Day: July 25, 2021

Gen Z’s ‘nowstalgia’ for Y2K fashion is leading to a thrifting explosion

It’s part of a rising trend of Y2K fashion and what has been called “nowstalgia” among Gen Z, who are reliving early 2000s fashion trends they were too young to experience or remember the first time around.

“I think there’s like this resurgence of what was so cool in the 2000s … now that it’s coming back, it’s like you want to infuse it with today’s pop culture,” said Lisa Sahakian, CEO and founder of Ian Charms.

It’s not just beaded necklaces coming back into style. Iconic fashion trends of the early 2000s like bucket hats, low-rise jeans, and babydoll T-shirts are all having a resurgence among younger consumers. This vintage renaissance has also led to an explosion in thrifting among Gen Z, and a rise in sites that sell thrifted clothing like Depop and Poshmark.

The frenzy over thrifted clothing is starting to manifest in brick-and mortar stores,


By Mari Saito

TOKYO (Reuters) -Yuto Horigome of Japan claimed the first Olympic gold medal in skateboarding after recovering his composure with high-scoring tricks in the final rounds held in his hometown of Tokyo on Sunday.

Kelvin Hoefler of Brazil won silver in the men’s street skating competition and Jagger Eaton of the United States clinched the bronze.

In a nail-biting final, Horigome stumbled through the two initial runs, but regained his signature cool in landing four of the five final tricks, earning 9.50 for a nollie backside 270.

The 22-year-old Horigome, whose father introduced him to the sport when he was a toddler, won the medal a stone’s throw away from where he grew up.

“It felt significant to return to Koto ward, it meant so much more for me,” he said. Horigome moved to the United States to pursue his skateboarding career after high school.

“I couldn’t miss


a close up of a keyboard: Higher incomes in rural India and changing online habits will help e-commerce in a big way.

© Provided by The Financial Express
Higher incomes in rural India and changing online habits will help e-commerce in a big way.

Ease of Doing Business for MSMEs: Amongst the many disruptive trends that emerged due to the pandemic, one of the most prominent has been reverse migration. During the first spike in Covid-19 cases in 2020, an unprecedented 1.14 crore migrant workers from cities moved back to their villages. During the second wave of the epidemic, a repeat of the reverse-migration phenomenon played out, though with relatively less intensity. Delhi’s transport department reported that 8.07 lakh migrant workers from Delhi moved to their neighbouring home states in barely a month since April 21. The Indian Railways stepped up its operations to accommodate these migrants from cities like Mumbai, Pune, Surat, and Delhi.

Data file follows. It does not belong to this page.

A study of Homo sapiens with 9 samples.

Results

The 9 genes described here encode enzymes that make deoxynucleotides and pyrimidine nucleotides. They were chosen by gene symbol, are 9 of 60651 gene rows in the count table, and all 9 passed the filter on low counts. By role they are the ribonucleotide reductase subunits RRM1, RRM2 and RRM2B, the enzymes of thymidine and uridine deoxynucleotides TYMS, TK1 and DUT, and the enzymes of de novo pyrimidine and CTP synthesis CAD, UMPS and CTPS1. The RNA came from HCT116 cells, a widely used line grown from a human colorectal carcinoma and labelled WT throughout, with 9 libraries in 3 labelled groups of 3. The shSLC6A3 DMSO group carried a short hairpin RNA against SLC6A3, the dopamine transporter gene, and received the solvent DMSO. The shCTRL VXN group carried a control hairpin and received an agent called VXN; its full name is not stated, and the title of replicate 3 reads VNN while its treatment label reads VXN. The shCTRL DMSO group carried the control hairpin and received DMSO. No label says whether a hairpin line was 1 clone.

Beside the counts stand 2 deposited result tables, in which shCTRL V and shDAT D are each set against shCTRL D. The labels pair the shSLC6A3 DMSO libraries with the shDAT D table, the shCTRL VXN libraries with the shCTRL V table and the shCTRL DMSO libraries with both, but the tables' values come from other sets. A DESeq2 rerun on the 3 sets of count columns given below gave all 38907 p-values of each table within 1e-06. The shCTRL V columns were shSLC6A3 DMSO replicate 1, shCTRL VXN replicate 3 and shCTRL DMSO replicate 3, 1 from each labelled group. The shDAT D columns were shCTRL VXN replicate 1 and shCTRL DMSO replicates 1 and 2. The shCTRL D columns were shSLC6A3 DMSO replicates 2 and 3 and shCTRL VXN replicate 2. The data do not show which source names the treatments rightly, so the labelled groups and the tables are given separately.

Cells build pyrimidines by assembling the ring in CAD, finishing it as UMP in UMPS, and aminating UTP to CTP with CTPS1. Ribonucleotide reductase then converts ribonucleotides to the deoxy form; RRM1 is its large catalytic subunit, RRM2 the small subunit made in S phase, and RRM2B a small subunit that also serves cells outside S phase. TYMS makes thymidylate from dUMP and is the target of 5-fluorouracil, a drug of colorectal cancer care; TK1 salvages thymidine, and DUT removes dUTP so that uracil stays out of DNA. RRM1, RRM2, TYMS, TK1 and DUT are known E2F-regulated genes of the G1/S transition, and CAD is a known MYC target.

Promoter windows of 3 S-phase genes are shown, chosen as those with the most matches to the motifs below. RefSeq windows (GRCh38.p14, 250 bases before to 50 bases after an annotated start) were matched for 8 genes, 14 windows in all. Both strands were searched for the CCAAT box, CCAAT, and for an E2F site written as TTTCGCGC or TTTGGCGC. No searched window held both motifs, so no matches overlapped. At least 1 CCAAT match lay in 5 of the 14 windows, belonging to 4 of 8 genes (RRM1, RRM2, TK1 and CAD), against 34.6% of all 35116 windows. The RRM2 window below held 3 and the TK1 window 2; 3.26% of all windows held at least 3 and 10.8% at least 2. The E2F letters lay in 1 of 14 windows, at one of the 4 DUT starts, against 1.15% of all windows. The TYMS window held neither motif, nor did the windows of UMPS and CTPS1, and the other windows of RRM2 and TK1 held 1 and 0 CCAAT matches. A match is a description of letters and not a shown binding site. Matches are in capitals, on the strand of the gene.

The migrants were predominantly daily wage earners and people who contributed to the informal sector in the


“Our customers were taking our boldly printed scarves and making halter tops and skirts and boleros out of them. They’re wearing them like clothes,” she said. “So it’s really literally just giving the people what they want.”

Sassy Jones began testing different designs and hired its first fashion designer in December. Since then, the team has grown to five designers.

Jones is involved in the creative process, advising on styles and designs and selecting fabrics for each look.

“My accessories and beauty line has always been focused on bold pops of color, unique pieces and quality materials — and those same concepts shine through in my fashion line,” she said. “At the core, the collection helps women boost their self-confidence in whatever they put on.”

The Sassy Jones ready-to-wear collection is going to change the face of fashion, said Amanda Campbell, who was hired as the company’s first fashion designer.